United States: the first new six-car train for Boston’s Orange Line entered service at Wellington Station on 14 August 2019. These six cars are the first of 152 cars that are on order for the line. They are to replace the entire current fleet, which consists of 120 cars. Once all 152 cars are in service, the MBTA Orange Line will be able to transport an additional 30,000 riders every day.
Stephanie Pollack, MassDOT Secretary and CEO, Steve Poftak, MBTA General Manager, and Massachusetts Governor Charlie Baker all attended the ceremonious introduction.
Chinese company CRRC won the contract to design and build the new 152 Orange Line cars in 2014. CRRC also holds the contract to design and build 252 new Red Line cars. The total value of these rolling stock contracts is in the region of 1 billion USD (900 million euros).
The new Orange Line fleet will be more reliable and easier to maintain. There will also be improvements to the trains’ safety, communications and comfort features. For example, the interiors will be more spacious. The cars will be equipped with LED lighting, automatic passenger counters, a CCTV system, and on-board diagnostic tools.
Furthermore, the trains will be more accessible to passengers. The doors of the new trains will be wider and the trains will have ‘gap mitigation devices’ as well as a greater number of emergency intercoms, more handrails and modern audio and visual passenger information.
CRRC is assembling and testing all the cars at its site in Springfield, Massachusetts. Following that phase, they are sent for testing at the Wellington Yard and Maintenance Facility.
MBTA says the second train will enter service this autumn and all the remaining vehicles should enter passenger service between then and 2022.
The new rolling stock for the Orange Line is part of a 5-year investment programme that will see the Orange Line be completely rebuilt. The upgrade works will improve the infrastructure and signals on the line. Consequently, the new fleet will be able to operate at a reduced headway of 4.5 minutes. The current headway is 6 minutes. Effectively, this is a 25 percent improvement.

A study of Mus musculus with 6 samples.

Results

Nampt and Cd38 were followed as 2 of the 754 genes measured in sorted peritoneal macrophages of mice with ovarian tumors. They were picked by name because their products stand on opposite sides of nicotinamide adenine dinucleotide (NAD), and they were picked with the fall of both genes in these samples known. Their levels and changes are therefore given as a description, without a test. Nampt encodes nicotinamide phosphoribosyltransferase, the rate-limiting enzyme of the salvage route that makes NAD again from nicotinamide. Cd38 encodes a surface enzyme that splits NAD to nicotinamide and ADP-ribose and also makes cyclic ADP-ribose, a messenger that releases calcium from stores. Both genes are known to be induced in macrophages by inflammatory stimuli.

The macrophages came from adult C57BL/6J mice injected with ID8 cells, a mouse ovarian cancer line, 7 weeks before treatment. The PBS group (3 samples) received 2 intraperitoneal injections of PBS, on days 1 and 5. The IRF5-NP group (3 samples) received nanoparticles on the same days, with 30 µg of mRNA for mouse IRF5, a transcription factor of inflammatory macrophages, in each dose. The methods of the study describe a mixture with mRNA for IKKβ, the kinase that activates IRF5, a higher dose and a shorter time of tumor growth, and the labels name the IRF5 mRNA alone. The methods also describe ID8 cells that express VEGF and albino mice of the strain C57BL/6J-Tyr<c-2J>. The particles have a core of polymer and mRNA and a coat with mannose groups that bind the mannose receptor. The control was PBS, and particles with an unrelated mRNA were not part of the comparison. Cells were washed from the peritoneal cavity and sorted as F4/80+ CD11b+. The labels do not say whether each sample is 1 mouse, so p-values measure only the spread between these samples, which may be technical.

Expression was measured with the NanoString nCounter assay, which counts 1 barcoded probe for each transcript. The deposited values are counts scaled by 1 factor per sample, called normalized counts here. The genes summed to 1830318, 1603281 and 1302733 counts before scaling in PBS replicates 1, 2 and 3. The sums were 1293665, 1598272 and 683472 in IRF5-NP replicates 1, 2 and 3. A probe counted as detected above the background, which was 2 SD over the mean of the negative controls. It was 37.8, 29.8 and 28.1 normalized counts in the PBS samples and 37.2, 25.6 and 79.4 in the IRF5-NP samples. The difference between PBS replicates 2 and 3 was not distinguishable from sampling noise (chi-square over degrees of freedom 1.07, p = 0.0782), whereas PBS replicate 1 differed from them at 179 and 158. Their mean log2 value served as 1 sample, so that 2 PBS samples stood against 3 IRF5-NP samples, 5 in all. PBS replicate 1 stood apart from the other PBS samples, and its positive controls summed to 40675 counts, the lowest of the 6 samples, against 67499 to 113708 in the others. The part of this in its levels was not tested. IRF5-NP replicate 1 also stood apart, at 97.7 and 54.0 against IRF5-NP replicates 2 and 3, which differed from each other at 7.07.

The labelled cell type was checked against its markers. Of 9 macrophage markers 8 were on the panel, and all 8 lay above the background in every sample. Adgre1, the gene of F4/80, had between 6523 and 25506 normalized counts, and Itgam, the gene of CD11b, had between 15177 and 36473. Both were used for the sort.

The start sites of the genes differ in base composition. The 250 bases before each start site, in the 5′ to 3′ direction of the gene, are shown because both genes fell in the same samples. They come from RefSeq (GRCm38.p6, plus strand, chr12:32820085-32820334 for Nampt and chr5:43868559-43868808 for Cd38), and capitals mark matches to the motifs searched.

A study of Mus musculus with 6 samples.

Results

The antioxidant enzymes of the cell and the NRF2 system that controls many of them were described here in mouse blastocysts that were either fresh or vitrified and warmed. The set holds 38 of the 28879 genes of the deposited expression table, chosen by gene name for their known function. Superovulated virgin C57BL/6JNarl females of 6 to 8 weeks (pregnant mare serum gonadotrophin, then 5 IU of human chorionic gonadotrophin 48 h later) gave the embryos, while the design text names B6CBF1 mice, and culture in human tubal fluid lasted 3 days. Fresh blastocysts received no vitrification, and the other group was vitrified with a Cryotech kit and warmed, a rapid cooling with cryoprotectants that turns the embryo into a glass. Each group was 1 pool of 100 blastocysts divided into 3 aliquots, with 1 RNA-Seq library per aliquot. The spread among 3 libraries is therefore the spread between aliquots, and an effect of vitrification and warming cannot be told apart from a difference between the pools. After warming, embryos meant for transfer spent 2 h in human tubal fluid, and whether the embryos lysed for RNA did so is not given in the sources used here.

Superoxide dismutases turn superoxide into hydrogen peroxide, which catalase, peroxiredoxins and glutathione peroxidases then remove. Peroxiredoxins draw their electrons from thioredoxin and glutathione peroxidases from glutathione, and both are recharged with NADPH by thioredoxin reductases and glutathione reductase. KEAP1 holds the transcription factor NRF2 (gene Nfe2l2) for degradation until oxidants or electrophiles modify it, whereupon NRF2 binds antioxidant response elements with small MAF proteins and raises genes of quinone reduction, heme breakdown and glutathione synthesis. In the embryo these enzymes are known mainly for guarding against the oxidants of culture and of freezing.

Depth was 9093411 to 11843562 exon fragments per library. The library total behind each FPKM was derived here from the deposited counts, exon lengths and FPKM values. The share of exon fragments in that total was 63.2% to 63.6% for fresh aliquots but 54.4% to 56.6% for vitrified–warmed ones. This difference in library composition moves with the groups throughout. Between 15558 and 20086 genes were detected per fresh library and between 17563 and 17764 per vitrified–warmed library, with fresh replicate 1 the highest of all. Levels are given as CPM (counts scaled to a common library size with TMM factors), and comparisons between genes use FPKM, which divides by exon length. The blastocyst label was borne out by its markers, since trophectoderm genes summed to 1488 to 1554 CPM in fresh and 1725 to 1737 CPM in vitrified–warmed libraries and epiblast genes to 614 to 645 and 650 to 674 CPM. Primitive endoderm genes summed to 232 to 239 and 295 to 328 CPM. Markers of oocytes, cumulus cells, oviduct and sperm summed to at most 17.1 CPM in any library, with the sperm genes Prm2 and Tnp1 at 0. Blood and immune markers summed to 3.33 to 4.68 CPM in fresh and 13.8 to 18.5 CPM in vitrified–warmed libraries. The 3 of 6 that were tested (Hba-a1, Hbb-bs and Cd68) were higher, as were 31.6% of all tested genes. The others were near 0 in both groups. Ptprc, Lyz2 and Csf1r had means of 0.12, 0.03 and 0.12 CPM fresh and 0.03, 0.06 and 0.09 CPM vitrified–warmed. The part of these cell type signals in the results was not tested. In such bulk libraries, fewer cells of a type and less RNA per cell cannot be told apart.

The signals on the current Orange Line are analogue. The new ones will be digital. These have the advantage or requiring less manual labour and maintenance. Digital signals also allow for more effective diagnostics.
Stephanie Pollack said:
“The job of the transportation system is to move people. When the entire Orange Line fleet is replaced, it will be able to carry more passengers per hour than ever before, there will be shorter times between trains, and customers will have more confidence that they can depend on public transportation system to get them where they need to go. In the words of the Governor’s Commission on the Future of Transportation, ‘Our duty is to build and nurture a reliable, sustainable, well-maintained, and financed multi-modal mobility system for the future’ and this new Orange Line train puts us on that path.”
Lt. Governor Karyn Polito said:
“The new cars will provide Orange Line customers with a more comfortable and accessible ride, improving customer experience. We are excited to see these cars start to go into service, and our administration will continue working with the MBTA to make signal and infrastructure upgrades to support the new vehicles.”